Amazon scraps new ban on phones in warehouses 'until further notice'

Deadly tornados may have led Amazon to reconsider its plans.

December 19, 2021 2:44 PM
In this article: safety, news, Amazon, gear, labor, work
EASTVALE, CA - AUGUST 31: Amnesty technician Gustavo Morales controls logistics robots at Amazon fulfillment center in Eastvale on Tuesday, Aug. 31, 2021. (Photo by Watchara Phomicinda/MediaNews Group/The Press-Enterprise via Getty Images)
Watchara Phomicinda/MediaNews Group/The Press-Enterprise via Getty Images

Amazon is loosening its control of workers' activities as safety concerns mount. The internet retailer has confirmed to Bloomberg that it will back off a rejuvenated effort to ban personal phones in warehouses. Staff were told on December 17th they could keep their phones at hand "until further notice."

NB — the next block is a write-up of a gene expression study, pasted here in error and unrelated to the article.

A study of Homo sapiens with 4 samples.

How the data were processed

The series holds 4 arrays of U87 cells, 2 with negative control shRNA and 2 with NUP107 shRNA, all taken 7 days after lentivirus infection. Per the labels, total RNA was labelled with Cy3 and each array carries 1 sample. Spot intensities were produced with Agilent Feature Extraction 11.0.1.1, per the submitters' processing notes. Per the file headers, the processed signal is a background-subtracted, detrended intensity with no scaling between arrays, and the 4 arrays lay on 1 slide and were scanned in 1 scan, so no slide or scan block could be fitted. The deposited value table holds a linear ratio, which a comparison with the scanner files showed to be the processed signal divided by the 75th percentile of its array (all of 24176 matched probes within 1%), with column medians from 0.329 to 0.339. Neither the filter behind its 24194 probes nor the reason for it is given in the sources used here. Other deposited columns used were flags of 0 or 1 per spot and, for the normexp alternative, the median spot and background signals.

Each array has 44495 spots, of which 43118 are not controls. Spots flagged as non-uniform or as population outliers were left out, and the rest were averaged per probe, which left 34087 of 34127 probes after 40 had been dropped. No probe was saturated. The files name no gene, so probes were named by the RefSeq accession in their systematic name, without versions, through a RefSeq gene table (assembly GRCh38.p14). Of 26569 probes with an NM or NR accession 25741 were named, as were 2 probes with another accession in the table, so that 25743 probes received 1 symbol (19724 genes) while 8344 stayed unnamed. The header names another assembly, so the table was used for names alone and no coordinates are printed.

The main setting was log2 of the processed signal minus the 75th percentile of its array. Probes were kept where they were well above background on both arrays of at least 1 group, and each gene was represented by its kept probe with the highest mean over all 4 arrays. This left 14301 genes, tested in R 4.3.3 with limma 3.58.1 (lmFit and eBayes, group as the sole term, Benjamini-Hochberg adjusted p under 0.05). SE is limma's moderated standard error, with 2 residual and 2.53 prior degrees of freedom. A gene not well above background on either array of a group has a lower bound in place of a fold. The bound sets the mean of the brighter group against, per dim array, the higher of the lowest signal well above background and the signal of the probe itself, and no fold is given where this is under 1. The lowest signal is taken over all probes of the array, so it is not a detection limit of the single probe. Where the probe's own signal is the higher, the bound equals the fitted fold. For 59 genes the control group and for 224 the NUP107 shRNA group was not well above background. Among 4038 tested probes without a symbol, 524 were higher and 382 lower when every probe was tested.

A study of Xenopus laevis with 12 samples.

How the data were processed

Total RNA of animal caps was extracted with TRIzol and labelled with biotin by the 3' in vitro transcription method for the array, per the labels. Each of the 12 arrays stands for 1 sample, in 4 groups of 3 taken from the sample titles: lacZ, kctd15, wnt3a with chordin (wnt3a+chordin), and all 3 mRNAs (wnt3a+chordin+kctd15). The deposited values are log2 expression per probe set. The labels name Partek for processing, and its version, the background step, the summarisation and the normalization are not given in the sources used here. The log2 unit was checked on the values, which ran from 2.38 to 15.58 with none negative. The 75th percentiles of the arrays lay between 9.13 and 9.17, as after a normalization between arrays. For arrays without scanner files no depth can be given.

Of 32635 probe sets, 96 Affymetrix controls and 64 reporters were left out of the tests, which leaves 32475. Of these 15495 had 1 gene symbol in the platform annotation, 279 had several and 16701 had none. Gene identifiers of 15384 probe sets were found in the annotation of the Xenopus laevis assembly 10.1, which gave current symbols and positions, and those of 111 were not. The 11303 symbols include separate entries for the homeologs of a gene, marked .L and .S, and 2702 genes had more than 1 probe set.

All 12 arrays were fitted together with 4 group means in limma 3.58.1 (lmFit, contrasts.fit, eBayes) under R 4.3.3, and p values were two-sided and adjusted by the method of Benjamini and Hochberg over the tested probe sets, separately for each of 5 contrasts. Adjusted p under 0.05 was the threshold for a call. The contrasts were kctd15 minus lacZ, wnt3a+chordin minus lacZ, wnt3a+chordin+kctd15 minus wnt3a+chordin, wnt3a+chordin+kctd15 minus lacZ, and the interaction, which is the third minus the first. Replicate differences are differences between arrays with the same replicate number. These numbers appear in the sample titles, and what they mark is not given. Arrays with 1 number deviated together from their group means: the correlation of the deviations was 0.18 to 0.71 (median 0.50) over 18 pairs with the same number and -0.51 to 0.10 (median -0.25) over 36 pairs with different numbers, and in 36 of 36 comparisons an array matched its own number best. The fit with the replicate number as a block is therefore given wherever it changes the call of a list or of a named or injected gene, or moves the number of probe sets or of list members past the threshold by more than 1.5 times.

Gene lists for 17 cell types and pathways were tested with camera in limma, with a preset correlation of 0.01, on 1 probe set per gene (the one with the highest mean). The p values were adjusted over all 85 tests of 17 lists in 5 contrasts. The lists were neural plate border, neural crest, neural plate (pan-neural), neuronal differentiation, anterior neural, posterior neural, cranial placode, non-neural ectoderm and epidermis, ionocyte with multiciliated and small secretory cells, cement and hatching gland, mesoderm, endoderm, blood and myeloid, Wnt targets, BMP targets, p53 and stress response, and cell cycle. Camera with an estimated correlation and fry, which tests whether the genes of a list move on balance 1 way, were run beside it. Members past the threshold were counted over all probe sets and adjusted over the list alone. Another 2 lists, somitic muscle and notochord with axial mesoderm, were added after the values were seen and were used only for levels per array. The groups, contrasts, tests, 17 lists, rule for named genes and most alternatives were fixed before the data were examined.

The company banned phones in warehouses for years, but eased its approach as the COVID-19 pandemic hit. The ban was poised to resume in January 2022.

While Amazon didn't explain the decision, it comes just after a tornado struck a warehouse in Edwardsville, Illinois, killing six people. It also follows a surge in COVID-19 cases. Warehouse employees have demanded access to their phones both for safety alerts and to stay in touch in the event of emergencies. A reinstituted ban would have appeared tone deaf, particularly in light of an incident where a dispatcher pressured a driver to keep delivering packages while a tornado rampaged through the Edwardsville area.